The Disturbance of the Indian Shore Cemetery


After a search of the nearby area, investigators later discovered that the gravestones had been moved from a nearby plot of land that was once a Native American burial ground but is now a housing development.

Equally disturbing, the investigators believe that although the gravestones were moved, the graves were not.

The two headstones and two foot stones belonged to brothers Thomas and William Smith. The Smiths were direct descendants of Tuspaquin, a 17th century sachem and brother of Massasoit, the Wampanoag leader who befriended the Mayflower pilgrims and attended the First Thanksgiving in Plymouth.

Upon discovery of the gravestones, investigators also learned that one of the foot stones was missing. It was recovered six months later in a nearby home, after police received a tip about its location.

Map of the Lakeville area, circa 1893

Map of the Lakeville area, circa 1893

The stones were English-style gravestones, not traditional Native American field stones, which marked the graves of the two brothers who died in the 1870s.

The local historian who determined the gravestones had been moved, Kenneth C. Leonard, said in an interview with the South Coast Today newspaper that the headstones are an early example of Native Americans borrowing from English tradition.

According to Leonard, the burial ground where they were originally located, known as the Indian Shore Cemetery, consisted of three burial mounds, one of which was destroyed, possibly by bulldozers during construction of the Nachaomet Road housing development in 1998. The burial mounds are now located in a resident’s front yard.

Wampanoag representative Earl Mills Jr., who was interviewed by the South Coast Today, stated he believed the disturbance of the graves was intentional:

“These stones were carefully moved, knowing that there was a burial there and placed around a tree and the burials obviously were in the way. And they weren’t disinterred and re-interred they were just plowed through. Somebody did this wittingly.”

According to an article in the Boston Globe, a local developer who worked with the construction company that built the housing development denies that they moved the stones or knowingly built the development on top of the burial ground, claiming the area must have been cleared before the development was built.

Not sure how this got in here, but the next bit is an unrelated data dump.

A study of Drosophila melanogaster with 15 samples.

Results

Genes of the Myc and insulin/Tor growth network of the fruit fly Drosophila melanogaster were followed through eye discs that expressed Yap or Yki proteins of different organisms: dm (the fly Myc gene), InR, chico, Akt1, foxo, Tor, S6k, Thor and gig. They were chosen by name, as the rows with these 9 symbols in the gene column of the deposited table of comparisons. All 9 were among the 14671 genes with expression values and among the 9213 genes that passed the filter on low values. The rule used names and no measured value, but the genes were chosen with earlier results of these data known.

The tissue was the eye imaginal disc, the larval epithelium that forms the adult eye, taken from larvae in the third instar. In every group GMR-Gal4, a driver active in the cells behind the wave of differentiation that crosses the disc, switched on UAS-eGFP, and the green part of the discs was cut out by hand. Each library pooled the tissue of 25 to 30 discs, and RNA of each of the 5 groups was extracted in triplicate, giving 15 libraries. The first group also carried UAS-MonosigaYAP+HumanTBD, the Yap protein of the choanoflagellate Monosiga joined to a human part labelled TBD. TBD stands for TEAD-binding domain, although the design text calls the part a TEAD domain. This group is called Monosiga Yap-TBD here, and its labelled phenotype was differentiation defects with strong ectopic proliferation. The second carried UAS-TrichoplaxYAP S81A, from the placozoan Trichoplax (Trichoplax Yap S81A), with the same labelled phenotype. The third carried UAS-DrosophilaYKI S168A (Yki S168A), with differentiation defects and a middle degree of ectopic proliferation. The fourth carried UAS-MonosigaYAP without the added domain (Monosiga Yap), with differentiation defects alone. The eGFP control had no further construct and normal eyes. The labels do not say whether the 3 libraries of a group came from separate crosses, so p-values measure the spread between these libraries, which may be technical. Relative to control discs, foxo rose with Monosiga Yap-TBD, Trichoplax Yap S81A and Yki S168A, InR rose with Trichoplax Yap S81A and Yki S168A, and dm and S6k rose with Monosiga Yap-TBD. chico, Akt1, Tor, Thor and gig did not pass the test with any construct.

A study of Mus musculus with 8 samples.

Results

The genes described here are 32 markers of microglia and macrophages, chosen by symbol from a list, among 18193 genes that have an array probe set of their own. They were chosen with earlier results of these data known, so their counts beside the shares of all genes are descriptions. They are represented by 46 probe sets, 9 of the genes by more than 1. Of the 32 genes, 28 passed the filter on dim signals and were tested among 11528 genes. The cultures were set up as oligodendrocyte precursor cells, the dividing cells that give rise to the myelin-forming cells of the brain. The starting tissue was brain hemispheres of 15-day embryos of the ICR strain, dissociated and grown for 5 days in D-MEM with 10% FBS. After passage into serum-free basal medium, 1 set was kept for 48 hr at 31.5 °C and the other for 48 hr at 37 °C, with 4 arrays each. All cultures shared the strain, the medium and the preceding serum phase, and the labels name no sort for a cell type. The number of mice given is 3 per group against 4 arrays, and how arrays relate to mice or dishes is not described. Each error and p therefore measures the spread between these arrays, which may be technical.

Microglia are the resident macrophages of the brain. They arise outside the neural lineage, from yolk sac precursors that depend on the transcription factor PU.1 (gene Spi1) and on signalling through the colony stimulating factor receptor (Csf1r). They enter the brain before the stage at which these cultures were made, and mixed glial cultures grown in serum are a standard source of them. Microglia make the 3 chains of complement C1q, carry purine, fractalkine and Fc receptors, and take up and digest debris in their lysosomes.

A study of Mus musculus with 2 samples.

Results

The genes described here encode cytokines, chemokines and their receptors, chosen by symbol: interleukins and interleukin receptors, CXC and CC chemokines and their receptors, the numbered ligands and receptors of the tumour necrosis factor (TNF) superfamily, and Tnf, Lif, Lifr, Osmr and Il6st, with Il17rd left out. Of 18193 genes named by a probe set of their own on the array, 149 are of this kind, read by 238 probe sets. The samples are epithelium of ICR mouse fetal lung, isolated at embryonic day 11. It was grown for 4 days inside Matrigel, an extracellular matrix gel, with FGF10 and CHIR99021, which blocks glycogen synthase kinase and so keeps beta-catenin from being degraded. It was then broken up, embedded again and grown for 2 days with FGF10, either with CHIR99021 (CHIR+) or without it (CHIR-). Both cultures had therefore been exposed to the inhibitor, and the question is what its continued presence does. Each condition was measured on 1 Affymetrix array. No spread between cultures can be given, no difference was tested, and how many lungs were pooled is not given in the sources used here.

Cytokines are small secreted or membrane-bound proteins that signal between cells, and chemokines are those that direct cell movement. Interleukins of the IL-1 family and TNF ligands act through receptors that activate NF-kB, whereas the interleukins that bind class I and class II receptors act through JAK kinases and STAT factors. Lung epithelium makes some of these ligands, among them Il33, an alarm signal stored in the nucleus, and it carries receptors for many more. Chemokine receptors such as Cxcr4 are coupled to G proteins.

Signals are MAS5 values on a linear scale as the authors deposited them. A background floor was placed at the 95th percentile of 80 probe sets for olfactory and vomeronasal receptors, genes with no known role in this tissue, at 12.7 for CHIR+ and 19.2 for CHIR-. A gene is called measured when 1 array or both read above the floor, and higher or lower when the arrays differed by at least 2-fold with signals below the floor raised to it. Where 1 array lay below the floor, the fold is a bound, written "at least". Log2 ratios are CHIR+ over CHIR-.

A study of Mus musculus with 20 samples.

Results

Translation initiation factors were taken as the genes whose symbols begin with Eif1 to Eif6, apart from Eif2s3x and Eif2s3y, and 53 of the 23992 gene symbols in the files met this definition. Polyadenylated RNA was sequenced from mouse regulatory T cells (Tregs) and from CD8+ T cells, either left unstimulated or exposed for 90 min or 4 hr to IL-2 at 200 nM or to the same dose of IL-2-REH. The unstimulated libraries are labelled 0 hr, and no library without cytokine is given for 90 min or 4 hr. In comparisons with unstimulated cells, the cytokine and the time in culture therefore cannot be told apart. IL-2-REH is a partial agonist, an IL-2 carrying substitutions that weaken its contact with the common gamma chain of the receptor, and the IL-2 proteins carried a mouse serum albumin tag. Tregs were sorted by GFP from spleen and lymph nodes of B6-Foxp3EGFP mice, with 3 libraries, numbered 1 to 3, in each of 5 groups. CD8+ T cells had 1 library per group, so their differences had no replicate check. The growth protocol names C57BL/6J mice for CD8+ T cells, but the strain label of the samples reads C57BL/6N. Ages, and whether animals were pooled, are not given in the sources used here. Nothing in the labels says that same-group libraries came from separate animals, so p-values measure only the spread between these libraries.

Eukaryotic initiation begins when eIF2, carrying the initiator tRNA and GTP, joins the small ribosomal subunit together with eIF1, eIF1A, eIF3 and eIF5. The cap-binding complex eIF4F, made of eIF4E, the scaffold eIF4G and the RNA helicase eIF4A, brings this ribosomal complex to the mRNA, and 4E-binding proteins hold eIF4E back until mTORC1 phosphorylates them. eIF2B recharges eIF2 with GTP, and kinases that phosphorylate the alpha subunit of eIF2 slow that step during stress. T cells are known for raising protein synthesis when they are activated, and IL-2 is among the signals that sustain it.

Chairman of the Lakeville Historical Society, Brian Reynolds, told the Boston Globe that the cemetery commissioner in 1980 informed him that it was a local gravel company, which built a number of gravel pits near the burial ground in the 1800s, who moved the stones.

Since the burial ground was located in 2008, the cemetery commission has held a series of meetings with the representatives of the Wamponoag nation.

The tribe is seeking an investigation into who disturbed the burial ground and have requested the town vow to protect this burial ground and all future burial grounds.

Legere, Christine. “The Mystery of the Moving Headstones.”, Boston Globe Company, 5 Feb. 2009,
Abramson, Bill. “Tip Leads Police to Missing Wampanoag Footstone.” South Coast Today, 30 March. 2009,
McGrath, Sarah M. “Ancient Gravestones Lead to Burial Mound Discovery.” South Coast Today, 22 Jan. 2009,
Mulligan, Frank and Rebecca Hyman. “Lakeville Historic Gravestone Recovered by Police.” The Herald News, 30 March. 2009,

About Rebecca Beatrice Brooks

Rebecca Beatrice Brooks is the author and publisher of the History of Massachusetts Blog. Rebecca is a freelance journalist and history lover who got her start in journalism working for small-town newspapers in Massachusetts and New Hampshire after she graduated from the University of New Hampshire with a B.A. in journalism. Visit this site's About page to find out more about Rebecca.